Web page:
Cross-Object Field Updates
This post introduces cross-object field updates and the workflow. Both platforms can perform complex operations through workflows. Future posts will give an in-depth comparison of workflows in Salesforce and Dynamics. Here we are going to limit ourselves to a simple use case that involves two entities: opportunities and accounts.
Scenario: the account form has a text field entitled “Current Opportunity.” The value of this field is the name of the most recent opportunity associated with this account that has estimated revenue greater than or equal to $75,000 and has a probability of closing that is 70% or greater.
Requirement: the Current Opportunity field is updated each time an opportunity meeting the criteria is created or updated.
So, let’s be realistic: this example is not. I kept this intentionally simple to demonstrate the field update aspect of workflows. You should quickly figure out that there are a lot of holes in my logic, and hopefully this post will serve as an exercise in spotting a bad process.
When creating a workflow there are two key decisions in both platforms. The first is when the update occurs and the second is what conditions must be present to trigger the update. Salesforce and Dynamics differ considerably when it comes to the first step.
Dynamics offers five scenarios compared to three for Salesforce and should be fairly self-evident. In both cases the rule will fire when a record is created. From that standpoint there is little difference. The update conditions are more interesting. Note that Dynamics keys off of changes to specific fields whereas Salesforce fires the workflow after any change is made to a record. Of course, the process will not complete unless further criteria are satisfied on both platforms.
Although it is not visible in the above figure I set the Dynamics workflow to trip when either the probability or the estimate revenue fields are altered. Before reading any further consider the impact of the evaluation differences. Given the criteria I have used for this example, Dynamics is going to yield behavior closer to what is desired. Have you figured it out yet?
Consider a scenario where opportunity A is created and it satisfies the criteria. The account should now show this opportunity. Opportunity B is created several days later and it also meets the criteria. Of course, the current opportunity on the account is changed to the second opportunity’s name. This is where it gets interesting. Let’s see what happens when Opportunity A is edited in both platforms and an unrelated field is changed.
Dynamics: since neither the probability nor the estimated revenue fields have changed the workflow will not be triggered. The account record will still show Opportunity B as the current opportunity.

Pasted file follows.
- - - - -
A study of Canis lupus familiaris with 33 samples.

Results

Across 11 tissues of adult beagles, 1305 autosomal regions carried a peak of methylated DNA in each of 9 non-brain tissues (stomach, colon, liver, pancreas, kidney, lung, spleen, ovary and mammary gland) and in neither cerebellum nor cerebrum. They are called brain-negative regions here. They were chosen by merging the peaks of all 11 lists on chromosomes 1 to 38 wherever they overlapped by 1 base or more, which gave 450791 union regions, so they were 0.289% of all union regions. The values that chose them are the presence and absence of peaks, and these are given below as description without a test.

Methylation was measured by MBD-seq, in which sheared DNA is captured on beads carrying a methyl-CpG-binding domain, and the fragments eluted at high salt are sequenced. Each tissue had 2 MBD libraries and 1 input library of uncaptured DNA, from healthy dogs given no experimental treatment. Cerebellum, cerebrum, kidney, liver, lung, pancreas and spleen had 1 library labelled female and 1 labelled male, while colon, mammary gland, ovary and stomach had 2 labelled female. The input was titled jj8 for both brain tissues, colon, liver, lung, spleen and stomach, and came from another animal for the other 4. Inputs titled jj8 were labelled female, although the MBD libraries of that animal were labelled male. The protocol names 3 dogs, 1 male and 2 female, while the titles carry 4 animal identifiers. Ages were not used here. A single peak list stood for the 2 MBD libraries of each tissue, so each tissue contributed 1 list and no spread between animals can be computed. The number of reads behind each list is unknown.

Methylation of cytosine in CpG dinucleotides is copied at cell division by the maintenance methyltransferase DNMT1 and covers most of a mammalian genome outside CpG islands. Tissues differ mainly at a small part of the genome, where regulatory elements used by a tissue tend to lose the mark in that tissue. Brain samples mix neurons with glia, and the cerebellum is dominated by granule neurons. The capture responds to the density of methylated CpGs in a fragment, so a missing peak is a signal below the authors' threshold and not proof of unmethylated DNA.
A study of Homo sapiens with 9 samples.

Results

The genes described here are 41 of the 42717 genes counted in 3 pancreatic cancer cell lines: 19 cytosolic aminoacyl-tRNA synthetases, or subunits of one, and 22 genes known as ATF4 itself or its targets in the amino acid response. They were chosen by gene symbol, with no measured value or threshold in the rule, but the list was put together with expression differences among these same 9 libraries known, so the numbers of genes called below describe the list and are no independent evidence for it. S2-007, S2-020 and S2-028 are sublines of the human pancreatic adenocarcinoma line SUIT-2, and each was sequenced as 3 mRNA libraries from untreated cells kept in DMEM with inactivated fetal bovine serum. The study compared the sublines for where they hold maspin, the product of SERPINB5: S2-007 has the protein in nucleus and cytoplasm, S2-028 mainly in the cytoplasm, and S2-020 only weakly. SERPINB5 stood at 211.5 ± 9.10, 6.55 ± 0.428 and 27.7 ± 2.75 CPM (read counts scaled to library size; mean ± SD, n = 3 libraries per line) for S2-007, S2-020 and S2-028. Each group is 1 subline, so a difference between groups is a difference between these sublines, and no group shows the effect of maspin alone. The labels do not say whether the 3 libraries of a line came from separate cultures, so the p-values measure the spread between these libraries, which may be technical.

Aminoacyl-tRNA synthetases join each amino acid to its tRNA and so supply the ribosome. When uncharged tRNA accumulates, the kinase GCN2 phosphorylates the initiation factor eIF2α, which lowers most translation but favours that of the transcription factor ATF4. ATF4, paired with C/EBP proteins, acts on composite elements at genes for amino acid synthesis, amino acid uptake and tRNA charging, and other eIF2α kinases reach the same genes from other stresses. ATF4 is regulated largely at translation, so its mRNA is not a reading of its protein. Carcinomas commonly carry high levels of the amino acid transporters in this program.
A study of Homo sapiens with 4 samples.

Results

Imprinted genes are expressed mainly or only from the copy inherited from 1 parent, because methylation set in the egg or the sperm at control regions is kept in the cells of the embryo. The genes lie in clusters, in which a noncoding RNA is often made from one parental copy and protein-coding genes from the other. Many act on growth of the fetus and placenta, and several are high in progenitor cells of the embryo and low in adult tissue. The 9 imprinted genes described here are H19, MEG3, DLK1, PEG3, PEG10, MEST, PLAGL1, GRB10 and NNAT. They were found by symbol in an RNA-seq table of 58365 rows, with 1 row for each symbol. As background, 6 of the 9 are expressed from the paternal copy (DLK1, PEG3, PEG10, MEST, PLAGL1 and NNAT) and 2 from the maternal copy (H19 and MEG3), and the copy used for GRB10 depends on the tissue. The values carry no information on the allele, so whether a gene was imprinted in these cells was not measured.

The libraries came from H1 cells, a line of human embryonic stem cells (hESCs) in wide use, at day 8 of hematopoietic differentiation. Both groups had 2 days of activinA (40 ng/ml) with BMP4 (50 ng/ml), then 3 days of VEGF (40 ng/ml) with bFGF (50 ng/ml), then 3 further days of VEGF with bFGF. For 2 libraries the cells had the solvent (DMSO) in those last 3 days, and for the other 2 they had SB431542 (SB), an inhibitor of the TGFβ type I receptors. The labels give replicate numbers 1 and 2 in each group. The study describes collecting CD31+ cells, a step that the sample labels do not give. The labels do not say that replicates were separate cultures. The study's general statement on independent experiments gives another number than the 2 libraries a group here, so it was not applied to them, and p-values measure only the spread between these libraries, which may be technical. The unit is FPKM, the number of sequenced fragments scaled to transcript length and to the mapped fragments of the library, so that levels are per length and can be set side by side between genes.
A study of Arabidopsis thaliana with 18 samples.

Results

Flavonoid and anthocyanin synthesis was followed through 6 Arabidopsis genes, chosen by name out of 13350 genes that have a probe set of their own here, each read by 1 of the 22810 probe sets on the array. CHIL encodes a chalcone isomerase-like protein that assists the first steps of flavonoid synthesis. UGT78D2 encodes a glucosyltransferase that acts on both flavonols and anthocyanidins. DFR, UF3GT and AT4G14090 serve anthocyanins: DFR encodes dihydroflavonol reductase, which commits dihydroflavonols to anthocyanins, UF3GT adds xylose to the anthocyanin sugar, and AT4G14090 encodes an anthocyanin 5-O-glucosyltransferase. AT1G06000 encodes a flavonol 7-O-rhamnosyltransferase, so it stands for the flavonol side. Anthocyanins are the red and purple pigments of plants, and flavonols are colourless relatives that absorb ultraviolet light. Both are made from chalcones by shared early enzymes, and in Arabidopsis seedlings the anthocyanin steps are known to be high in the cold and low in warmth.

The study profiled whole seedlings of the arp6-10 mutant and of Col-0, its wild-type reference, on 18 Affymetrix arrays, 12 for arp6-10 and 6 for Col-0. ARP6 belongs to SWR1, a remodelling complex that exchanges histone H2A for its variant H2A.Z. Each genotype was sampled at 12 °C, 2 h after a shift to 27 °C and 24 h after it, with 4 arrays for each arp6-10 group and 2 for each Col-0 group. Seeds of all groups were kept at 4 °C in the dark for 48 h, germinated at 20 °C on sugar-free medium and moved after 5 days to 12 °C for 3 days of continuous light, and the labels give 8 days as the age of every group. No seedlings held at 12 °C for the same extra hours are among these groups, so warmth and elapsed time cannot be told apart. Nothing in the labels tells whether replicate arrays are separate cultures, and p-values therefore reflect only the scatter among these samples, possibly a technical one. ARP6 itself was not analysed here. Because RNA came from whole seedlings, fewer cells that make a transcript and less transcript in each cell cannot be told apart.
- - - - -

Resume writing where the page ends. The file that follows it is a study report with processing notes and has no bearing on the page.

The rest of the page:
Salesforce: the rule is triggered every time the record is edited and the criteria are met. Since Opportunity A still meets the criteria the account record will now show Opportunity A as the current opportunity even though Opportunity B is newer. Most likely this is not the desired behavior.
How can we fix this issue? Recall that there are two steps: triggering the workflow itself and fulfilling the rule criteria. With Salesforce the workflow rule will fire regardless of what field is updated. This means we have to adjust the rule criteria.
Previously we created criteria to satisfy the rule. This is too limiting for our use case and it requires running the rule against a formula. The
ISCHANGED() function is used to detect if a field value has changed during the edit. Of course, the probability and expected revenue criteria are also included. Also note that the evaluation option is changed from “meets criteria” to “every time it’s edited.” If this is not done the formula will not validate.
This now will function exactly as Dynamics does in our earlier example. However, there is still room for improvement. Recall the scenario where Opportunity A was replaced by Opportunity B as the current opportunity. If the expected revenue for Opportunity A was $80,000 and now is $83,000 the workflow rule will still fire replacing Opportunity B.
With Salesforce we can use another function called
PRIORVALUE() which gives us the value before the record is edited. If the initial value of the expected revenue is already over the threshold then changing the revenue should not trigger an update. This simple addition tightens up our logic and provides a better user experience.
This level of evaluation is not possible in Dynamics without the use of code, although it definitely can be done. This requires a custom step as described in this post.
Updating a field through a workflow only scratches the surface of what workflows can accomplish. Although the general concept of a workflow is the same, the functionality differs significantly between Salesforce and Dynamics. Subsequent posts will explore these differences.
For now, the one piece of advice I give to anyone new to workflows and automation in general is to walk through all of the scenarios before you touch the keyboard. Workflows are complex and they are not easy to troubleshoot. Even when they do seem to work it is not uncommon for the customer to be dissatisfied with the results because the consultant did not put enough effort into the design.